Alamy Self-employed people by definition must rely on themselves for their paychecks and their insurance. And then there’s retirement funding. Without the benefit of a company 401(k) (and the potential employer match), saving for the future falls entirely on their own shoulders.
That’s a lot to take on. Perhaps too much, if you look at the results of a recent TD Ameritrade (AMTD) study.
The company’s Self-Employment and Retirement Survey found that even though the majority of self-employed people think that they’ll live on their savings when they eventually stop working, 70 percent of them are not actually saving for retirement on a regular basis: While you might think that self-employed people assume they can live off their business profits, only 19 percent plan to fund their retirement through profits from the company which will continue to run after their retirement — and only 14 percent think they’ll be able to sell their business and live off the profits from the sale.
“One of the biggest challenges that self-employed people face is irregular income, so opening a retirement account is sometimes not top of mind,” says Lule Demmissie, managing director of retirement at TD Ameritrade in Jersey City, N.J. “But, once you have an understanding of what type of account is best for you, just go ahead and open it. You don’t have to fund it right away, but having it open will make it easier to contribute money when you do come into a windfall. Having the foundation in place is a critical first step.”
However, the picture is not entirely bleak for self-employed people.
When it comes to retirement readiness, the size of one’s retirement account doesn’t show the full picture, says Guy Penn, principal and founder of G.M. Penn Wealth Management in St. Louis.
A critical element not accounted for in the TD Ameritrade study is the self-employed person’s unique capacity for income production, Penn says. “Many times, self-employed individuals forgo maxing out retirement savings to retain earnings in the business, and build an income-generating asset in the business itself.”
And then there’s the question of a person’s need or desire to retire. “It’s also very common that the self-employed love what they are doing and don’t feel the desire to exit at 65,” Penn says.
Retirement Tips for Self-Employed People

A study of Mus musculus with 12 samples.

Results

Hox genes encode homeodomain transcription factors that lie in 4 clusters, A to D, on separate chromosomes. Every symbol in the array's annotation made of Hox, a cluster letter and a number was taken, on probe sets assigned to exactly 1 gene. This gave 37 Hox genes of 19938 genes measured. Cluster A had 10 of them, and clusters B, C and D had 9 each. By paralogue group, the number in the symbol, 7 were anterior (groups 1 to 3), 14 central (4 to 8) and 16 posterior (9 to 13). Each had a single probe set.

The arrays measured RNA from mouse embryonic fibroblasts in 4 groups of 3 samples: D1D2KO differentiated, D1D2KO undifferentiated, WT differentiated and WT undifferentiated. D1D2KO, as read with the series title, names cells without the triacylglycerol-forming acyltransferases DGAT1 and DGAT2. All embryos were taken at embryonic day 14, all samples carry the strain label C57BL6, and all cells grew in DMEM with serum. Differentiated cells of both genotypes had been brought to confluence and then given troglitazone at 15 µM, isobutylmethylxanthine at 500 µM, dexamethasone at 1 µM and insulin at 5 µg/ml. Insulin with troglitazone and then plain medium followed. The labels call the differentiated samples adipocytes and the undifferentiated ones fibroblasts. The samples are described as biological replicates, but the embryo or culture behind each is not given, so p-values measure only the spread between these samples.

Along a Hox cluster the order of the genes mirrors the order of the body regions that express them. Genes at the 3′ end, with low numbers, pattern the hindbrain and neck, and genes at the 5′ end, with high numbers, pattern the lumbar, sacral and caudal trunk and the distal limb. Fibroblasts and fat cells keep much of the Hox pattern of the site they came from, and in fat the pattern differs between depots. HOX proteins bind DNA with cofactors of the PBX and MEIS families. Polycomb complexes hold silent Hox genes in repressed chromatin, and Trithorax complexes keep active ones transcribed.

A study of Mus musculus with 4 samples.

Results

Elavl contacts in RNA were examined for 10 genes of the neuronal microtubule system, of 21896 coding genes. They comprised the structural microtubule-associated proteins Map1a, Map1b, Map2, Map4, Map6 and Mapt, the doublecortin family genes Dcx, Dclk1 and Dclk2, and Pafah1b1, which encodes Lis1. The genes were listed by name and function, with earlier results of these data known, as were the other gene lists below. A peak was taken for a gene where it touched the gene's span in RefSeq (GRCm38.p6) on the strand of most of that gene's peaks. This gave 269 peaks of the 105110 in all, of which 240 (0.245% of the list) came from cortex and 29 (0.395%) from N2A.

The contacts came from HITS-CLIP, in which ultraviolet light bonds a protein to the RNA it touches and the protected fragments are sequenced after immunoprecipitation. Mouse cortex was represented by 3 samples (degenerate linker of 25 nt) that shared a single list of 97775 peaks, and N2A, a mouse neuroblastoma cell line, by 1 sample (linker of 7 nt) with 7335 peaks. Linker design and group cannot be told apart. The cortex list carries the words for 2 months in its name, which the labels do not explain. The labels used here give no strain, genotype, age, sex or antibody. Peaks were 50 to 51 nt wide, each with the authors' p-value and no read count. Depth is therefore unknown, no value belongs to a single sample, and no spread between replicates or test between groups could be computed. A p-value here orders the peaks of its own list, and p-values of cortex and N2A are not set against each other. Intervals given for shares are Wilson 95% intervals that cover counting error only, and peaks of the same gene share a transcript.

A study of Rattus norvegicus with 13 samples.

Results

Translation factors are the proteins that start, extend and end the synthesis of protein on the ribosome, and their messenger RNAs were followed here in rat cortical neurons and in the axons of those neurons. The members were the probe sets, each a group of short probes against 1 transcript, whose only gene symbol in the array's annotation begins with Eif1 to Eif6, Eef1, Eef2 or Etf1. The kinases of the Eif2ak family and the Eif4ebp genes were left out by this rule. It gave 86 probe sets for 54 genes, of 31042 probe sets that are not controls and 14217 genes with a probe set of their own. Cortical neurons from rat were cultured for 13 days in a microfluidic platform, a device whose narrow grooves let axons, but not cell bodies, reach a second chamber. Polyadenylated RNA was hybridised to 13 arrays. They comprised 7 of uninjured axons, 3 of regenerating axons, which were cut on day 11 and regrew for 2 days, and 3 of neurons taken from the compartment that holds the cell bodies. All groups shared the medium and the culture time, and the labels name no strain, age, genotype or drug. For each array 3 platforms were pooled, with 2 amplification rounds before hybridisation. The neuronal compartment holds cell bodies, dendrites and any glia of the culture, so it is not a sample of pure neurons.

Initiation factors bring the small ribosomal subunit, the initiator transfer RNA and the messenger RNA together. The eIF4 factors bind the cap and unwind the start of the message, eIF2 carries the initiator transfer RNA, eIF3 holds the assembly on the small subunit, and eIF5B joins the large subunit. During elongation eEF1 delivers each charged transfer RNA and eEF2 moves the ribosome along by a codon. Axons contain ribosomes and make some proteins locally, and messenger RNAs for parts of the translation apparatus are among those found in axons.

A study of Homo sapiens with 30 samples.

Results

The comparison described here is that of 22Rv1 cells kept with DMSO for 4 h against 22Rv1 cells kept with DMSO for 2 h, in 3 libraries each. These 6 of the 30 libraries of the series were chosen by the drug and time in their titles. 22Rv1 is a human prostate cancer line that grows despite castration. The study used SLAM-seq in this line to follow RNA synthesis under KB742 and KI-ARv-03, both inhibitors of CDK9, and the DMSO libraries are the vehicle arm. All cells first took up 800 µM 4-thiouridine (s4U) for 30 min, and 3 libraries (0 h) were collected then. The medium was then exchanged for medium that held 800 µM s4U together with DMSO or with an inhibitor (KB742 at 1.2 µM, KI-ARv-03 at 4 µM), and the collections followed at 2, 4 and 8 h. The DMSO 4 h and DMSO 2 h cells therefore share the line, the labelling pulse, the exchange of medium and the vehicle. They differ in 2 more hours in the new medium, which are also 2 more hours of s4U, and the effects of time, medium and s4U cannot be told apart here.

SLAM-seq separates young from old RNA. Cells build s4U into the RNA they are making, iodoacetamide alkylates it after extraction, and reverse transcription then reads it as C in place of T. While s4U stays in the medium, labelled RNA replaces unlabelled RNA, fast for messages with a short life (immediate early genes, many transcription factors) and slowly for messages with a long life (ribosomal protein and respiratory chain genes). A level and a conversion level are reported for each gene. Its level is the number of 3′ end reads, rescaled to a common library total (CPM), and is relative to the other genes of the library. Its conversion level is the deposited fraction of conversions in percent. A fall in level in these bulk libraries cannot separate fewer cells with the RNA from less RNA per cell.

If you’re self-employed and aren’t preparing for retirement, financial advisors have several recommendations to help you get started.
“When I help self-employed folks, there are three questions that are important to help set up the correct plan for them,” says Jeffrey Cutter, a CPA and PFS and owner of Cutter Financial Group, LLC in Falmouth, Mass. “First, how much do they make? Next, how much can they put away? Finally, do they have employees?”
Here’s an overview of different retirement savings options for self-employed people.
SEP-IRA (Simplified Employee Pension). SEP-IRAs have a much higher contribution limit than traditional or Roth IRAs. The limits are based on a percentage of net profit for the self-employed. This plan works well for small, closely held partnerships, as each participant must be offered the same benefits under the plan.
“For higher-net-income folks who want to put more away, a SEP-IRA may be the best solution,” says Cutter. He points out that a SEP-IRA is easy to maintain, offers many investment choices, and can be flexible in how it’s funded. For 2014, an employer can contribute 25 percent of compensation up to a maximum of $52,000 per year.
Individual/Solo 401(k) for small businesses and self-employed. “An Individual 401(k) is most suitable for self-employed individuals or a business owner with no additional employees other than a spouse or a child,” says Demmissie. “It allows business owners to make both employer and employee contributions, providing the ability to maximize their personal retirement contributions and their business deductions. You might consider this type of plan if your business has irregular profit patterns.”
Solo 401(k)s are among the best option for the sole owner/employee setup, or a business without full-time employees, Penn says. The contribution limits are significantly higher than other employer-sponsored retirement plans, up to $52,000 in some cases, depending on the net profit of the business.
SIMPLE IRA. A SIMPLE IRA (Savings Incentive Match Plan for Employees) offers employees a salary-deferral contribution feature along with a matching employer contribution. You might consider a SIMPLE IRA if your business has steady income and your employees want to make contributions to a retirement plan.
“The SIMPLE IRA is a good plan for those who wish offer an incentive for employees, but want to avoid the higher administrative paperwork that goes along with traditional 401(k)s,” says Penn.
Profit-sharing retirement plan. For a business owner who has variable profits but wants to reward long-term employees by giving them a percentage of the company’s profits, a profit-sharing retirement plan may be a good choice, Demmissie says. The plan is very flexible. “The employer decides how much he or she wants to contribute each year and can even skip years if necessary.”
Take your future into your own hands. “Self-employed people are often the CEO, COO, CFO, and Director of HR, with so many decisions facing them on a daily basis,” says Cutter. “Life is all about decisions; the ones we make and the ones we fail to make. If you haven’t set up a retirement plan yet, decide today to get it done. The only person you’re hurting is yourself.”
For more information on retirement plans for the self-employed, see IRS Publication 560, Retirement Plans for Small Business.
Michele Lerner is a Motley Fool contributing writer and has no position in any stocks mentioned. The Motley Fool recommends and owns shares of TD Ameritrade.